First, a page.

Taking antidepressants while pregnant may double autism risk
WOMEN who take certain common antidepressants while pregnant may face almost twice the risk of having a child with autism, a study said on Monday.
The findings in the Journal of the American Medical Association (JAMA) Pediatrics are based on Canadian records of more than 145,000 pregnancies.
Researchers found an 87 per cent higher risk of autism when women took antidepressant medications later in pregnancy, a crucial time for brain development in the foetus.
“Our study has established that taking antidepressants during the second or third trimester of pregnancy almost doubles the risk that the child will be diagnosed with autism by age seven, especially if the mother takes selective serotonin reuptake inhibitors, often known by its acronym SSRIs,” said lead author Anick Berard, an expert on pharmaceutical safety during pregnancy at the University of Montreal.
SSRIs are the most commonly prescribed antidepressants, and include brand names such as Prozac, Paxil and Zoloft.
As many as one in 45 children are diagnosed with autism spectrum disorder in the United States, according to a recent study by the US Centers for Disease Control and Prevention.
Scientists still do not fully understand what causes autism, though both genetics and environment are believed to play a role.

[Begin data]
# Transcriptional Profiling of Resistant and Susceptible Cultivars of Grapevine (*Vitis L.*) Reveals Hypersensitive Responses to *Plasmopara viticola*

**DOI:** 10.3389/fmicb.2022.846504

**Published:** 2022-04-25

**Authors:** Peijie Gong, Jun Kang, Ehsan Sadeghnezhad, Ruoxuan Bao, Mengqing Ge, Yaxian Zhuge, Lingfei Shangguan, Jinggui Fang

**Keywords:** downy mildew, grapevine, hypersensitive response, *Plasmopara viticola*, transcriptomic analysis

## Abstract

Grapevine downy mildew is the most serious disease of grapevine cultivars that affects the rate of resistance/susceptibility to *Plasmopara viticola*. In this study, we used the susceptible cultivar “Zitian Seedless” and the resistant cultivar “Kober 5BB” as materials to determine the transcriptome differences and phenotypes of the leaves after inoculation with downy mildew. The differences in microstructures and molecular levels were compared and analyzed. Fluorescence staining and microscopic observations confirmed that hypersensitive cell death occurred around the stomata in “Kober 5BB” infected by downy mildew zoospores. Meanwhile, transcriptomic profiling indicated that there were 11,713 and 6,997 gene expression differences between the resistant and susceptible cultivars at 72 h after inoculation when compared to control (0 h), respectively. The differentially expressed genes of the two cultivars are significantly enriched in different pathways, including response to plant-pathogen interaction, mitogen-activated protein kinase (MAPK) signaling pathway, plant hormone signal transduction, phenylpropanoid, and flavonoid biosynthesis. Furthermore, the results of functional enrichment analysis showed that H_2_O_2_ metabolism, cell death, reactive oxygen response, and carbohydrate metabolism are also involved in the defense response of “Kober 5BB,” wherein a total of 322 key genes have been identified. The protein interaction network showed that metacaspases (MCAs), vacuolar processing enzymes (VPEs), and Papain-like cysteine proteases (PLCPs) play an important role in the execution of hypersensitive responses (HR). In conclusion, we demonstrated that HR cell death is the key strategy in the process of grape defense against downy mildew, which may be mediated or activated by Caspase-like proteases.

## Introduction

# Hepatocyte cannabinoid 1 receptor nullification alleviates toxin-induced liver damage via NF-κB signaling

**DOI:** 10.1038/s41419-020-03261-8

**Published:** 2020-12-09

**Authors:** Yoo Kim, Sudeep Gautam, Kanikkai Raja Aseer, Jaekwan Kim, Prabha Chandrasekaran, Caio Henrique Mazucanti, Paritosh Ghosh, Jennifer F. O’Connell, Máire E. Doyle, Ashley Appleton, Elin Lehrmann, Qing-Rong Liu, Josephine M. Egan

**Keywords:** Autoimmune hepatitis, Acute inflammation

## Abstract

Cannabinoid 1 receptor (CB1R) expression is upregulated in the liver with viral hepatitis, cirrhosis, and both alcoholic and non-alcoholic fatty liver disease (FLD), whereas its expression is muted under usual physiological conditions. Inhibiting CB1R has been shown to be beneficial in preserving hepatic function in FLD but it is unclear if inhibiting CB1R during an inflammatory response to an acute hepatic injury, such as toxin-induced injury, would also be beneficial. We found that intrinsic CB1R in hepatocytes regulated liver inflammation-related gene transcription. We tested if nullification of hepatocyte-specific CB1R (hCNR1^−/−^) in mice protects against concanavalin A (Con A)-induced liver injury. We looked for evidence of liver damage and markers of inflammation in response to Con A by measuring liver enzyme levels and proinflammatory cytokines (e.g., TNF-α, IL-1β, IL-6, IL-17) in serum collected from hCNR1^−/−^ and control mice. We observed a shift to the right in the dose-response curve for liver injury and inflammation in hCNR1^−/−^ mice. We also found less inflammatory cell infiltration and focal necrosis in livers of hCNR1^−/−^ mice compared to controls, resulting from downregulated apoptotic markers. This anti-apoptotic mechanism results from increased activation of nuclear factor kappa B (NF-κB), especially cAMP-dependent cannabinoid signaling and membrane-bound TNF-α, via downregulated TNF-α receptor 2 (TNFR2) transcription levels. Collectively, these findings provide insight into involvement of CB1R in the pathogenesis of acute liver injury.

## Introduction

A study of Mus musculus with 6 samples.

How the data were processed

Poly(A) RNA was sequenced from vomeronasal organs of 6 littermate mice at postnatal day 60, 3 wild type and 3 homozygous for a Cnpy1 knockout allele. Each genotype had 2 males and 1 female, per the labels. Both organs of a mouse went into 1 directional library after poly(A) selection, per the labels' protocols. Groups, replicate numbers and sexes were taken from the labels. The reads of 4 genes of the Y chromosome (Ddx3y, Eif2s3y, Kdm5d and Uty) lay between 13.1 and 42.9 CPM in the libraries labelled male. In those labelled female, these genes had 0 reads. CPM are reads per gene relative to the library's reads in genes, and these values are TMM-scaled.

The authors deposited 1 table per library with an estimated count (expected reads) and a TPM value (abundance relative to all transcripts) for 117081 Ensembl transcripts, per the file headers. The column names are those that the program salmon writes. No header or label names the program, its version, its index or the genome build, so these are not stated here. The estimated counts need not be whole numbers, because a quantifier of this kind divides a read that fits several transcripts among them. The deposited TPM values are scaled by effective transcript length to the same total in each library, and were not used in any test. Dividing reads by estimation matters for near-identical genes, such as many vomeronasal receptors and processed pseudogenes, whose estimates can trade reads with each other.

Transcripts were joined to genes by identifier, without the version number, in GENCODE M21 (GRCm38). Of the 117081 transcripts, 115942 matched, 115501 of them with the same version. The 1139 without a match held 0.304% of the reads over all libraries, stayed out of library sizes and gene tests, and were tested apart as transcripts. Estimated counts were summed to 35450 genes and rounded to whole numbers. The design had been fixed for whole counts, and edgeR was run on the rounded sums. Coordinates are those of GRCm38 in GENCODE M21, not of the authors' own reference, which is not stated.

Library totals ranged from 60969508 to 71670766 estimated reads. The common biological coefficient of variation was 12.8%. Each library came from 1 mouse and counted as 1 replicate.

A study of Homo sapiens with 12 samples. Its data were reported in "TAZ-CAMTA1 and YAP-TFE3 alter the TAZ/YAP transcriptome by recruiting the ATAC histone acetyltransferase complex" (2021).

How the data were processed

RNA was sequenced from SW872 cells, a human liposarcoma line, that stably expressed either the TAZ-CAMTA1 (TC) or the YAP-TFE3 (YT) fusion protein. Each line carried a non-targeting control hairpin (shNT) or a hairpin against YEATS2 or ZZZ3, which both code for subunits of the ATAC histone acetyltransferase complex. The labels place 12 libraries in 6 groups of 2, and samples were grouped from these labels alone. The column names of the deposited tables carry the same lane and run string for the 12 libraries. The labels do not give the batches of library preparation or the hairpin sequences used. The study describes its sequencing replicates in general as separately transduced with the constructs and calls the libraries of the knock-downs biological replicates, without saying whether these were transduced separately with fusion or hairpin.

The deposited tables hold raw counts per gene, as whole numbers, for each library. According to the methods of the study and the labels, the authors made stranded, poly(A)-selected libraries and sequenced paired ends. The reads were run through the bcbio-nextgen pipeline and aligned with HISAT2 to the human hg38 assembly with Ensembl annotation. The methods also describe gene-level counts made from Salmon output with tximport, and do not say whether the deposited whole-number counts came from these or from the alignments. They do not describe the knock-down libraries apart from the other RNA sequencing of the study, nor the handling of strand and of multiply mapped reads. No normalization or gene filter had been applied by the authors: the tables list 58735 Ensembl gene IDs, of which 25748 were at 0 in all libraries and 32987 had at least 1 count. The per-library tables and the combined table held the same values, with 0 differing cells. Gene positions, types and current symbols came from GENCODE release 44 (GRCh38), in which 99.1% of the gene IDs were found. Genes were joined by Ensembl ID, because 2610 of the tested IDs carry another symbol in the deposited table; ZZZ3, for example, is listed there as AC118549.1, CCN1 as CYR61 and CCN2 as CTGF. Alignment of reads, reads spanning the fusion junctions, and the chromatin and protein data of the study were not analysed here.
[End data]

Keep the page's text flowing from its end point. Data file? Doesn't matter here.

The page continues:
Researchers said their findings are important because as many as 10 per cent of pregnant women are currently being treated with antidepressants.
While researchers found an 87 per cent higher risk of autism when antidepressants were taken in mid to late pregnancy, they observed no association between the use of the medication in the first trimester or the year before pregnancy and the risk of autism.
— No proof of cause and effect —
The study, while large, was also observational in nature, and researchers said more work is needed to understand whether antidepressants play a role in causing autism.
Furthermore, the risk of autism is small, and must be balanced with the risk that a mother-to-be might harm herself if unmedicated and in a deeply depressed state.
“The baseline risk in the general population for autism spectrum disorders in children is around one per cent. The studies to date have suggested that the rate in children born to women with mood disorders taking SSRIs in pregnancy may be approximately double at around two per cent,” said Ian Jones, director of the National Centre for Mental Health at Cardiff University.
“It is difficult to know whether this small increase in risk is due to the medication being taken, to the mood disorder itself, to an overlap in genetic vulnerability or to other factors associated with mood disorders and antidepressant medication,” said Jones, who was not involved in the study.
Emily Simonoff, professor of child and adolescent psychiatry at King’s College London, said more research is needed, using other datasets and methods in order to better understand the study’s implications.
“The current findings should not lead to a blanket change in policy,” she said. “All pregnant women, as well as those planning a pregnancy, who are taking SSRIs should discuss the therapeutic options with their doctor, bearing in mind that the present findings do not necessarily indicate a causal role of the medication.”